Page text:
Farm Labor, Natural Foods, Mushroom Hunting, and Other Successful Barter Agreements

In this installment of a regular feature, readers reported successfully bartering their farm labor for food and shelter, natural foods for marketing and legal services, and mushroom hunting services for leftovers from a chef's kitchen.

| July/August 1981

070 barter agreements - mushroom hunting

An Indiana man who wanted to save money and extend his hiking vacation in Scotland arranged a trade with a local chef: wild mushroom hunting and gathering services in exchange for free leftover meal fixings.


Bill Wodraska shared some of his thoughts regarding one of mankind's better ideas — barter — and offered up an interesting suggestion: "I'd like to see a continuing feature on barter agreements and skill-and-labor exchanges," said Bill. "You're on!" MOTHER EARTH NEWS replied.  

Farm Labor for Food and Shelter

My husband and I started our married life—just as we'd planned to for six years—with a move to the country. And barter has played a major role in our new lifestyle by providing us with food and shelter.

Our trading began when a little determination (and a little luck) landed us a part-time milking job on a fairly large dairy farm. In exchange for one week's work a month (on days of our choosing), we live rent-free in a fine two-bedroom farmhouse, have the use of a wood burning stove and free-for-the-gathering fuel, and have access to a five-acre pasture to graze our animals in!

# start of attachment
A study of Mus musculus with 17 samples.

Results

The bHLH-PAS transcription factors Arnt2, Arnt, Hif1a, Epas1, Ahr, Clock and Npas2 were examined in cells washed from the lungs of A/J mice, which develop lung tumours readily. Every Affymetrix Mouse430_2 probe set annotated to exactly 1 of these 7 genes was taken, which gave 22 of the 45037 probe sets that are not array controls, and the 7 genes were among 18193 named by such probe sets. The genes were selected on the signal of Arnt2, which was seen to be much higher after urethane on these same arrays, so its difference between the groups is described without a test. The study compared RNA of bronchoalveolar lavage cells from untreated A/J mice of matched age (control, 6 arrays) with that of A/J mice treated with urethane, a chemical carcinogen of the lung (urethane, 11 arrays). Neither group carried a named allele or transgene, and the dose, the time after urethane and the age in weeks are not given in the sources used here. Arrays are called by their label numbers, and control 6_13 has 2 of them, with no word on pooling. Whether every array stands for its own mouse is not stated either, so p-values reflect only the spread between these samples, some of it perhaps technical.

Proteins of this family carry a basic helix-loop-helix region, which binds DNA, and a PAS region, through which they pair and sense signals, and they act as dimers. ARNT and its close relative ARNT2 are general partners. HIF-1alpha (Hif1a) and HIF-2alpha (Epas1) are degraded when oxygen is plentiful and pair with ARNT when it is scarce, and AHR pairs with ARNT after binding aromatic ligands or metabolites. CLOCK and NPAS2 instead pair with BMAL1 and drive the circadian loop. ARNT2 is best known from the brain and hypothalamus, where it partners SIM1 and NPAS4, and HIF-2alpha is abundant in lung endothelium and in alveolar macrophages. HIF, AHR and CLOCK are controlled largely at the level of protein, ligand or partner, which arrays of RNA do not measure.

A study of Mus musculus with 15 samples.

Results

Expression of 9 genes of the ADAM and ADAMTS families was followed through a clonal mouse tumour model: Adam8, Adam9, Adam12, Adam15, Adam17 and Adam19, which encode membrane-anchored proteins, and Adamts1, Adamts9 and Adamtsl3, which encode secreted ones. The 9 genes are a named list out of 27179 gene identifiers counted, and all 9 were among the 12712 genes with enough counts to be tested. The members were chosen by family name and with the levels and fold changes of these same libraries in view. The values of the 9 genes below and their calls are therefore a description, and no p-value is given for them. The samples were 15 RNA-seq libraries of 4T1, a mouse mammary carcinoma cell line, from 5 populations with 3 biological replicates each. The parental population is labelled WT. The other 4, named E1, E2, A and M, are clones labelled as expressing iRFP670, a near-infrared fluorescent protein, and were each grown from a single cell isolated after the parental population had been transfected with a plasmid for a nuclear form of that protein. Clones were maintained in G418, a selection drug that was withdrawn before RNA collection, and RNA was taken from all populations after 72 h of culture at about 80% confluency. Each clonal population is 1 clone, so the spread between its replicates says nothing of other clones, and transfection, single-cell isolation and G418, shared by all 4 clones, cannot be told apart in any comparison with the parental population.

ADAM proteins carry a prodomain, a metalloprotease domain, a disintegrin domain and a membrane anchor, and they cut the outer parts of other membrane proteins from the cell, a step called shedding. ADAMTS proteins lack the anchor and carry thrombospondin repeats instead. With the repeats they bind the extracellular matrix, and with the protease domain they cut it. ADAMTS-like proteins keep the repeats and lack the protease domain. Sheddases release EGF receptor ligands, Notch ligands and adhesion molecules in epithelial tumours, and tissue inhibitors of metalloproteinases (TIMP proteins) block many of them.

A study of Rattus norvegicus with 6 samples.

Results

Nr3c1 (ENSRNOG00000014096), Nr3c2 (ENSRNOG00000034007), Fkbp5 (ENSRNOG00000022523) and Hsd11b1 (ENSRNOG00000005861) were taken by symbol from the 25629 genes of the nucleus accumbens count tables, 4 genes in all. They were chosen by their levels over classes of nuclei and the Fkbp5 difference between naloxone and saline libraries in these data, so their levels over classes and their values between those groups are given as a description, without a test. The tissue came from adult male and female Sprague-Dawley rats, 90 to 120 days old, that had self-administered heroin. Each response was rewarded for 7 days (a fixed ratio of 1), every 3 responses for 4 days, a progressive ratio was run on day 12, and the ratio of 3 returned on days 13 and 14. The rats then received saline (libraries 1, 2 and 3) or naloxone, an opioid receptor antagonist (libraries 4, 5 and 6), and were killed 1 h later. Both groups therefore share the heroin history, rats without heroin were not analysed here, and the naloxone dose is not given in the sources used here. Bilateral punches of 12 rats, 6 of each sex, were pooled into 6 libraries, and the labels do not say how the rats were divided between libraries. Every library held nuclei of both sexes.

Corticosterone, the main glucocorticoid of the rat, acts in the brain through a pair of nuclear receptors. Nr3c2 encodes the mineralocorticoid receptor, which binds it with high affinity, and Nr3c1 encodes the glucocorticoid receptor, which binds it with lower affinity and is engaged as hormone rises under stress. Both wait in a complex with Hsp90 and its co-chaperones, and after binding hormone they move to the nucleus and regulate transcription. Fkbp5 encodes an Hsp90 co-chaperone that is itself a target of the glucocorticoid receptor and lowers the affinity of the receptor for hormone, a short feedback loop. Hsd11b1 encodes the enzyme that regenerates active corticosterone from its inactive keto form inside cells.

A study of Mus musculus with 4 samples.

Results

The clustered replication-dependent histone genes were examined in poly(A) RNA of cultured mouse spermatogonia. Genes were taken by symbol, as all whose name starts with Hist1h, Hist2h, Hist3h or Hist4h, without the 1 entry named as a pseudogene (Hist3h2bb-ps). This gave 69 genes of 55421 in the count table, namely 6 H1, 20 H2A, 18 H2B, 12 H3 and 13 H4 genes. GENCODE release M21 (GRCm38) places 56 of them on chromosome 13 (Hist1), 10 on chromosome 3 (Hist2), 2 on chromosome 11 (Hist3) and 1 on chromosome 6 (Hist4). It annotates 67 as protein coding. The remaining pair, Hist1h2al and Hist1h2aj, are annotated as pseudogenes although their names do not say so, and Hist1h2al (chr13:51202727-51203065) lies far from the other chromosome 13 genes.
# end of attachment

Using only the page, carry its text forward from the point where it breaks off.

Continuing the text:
The vegetables from our garden and fresh-from-the-cow milk for making butter and cheese keep our larder full at little cost. In addition, one of the best salmon and trout rivers in the Northwest borders our new home (I've caught fish that produced steaks the size of a dinner plate!).

Furthermore, as part of the milking deal, our farmer friend gives us a discount when we purchase day-old calves. We're slowly building up a dairy herd (for the time when we can afford our own farm) at very little expense.

The swap is good for the dairyman, too, since he gets a fourth of his farm work done "free."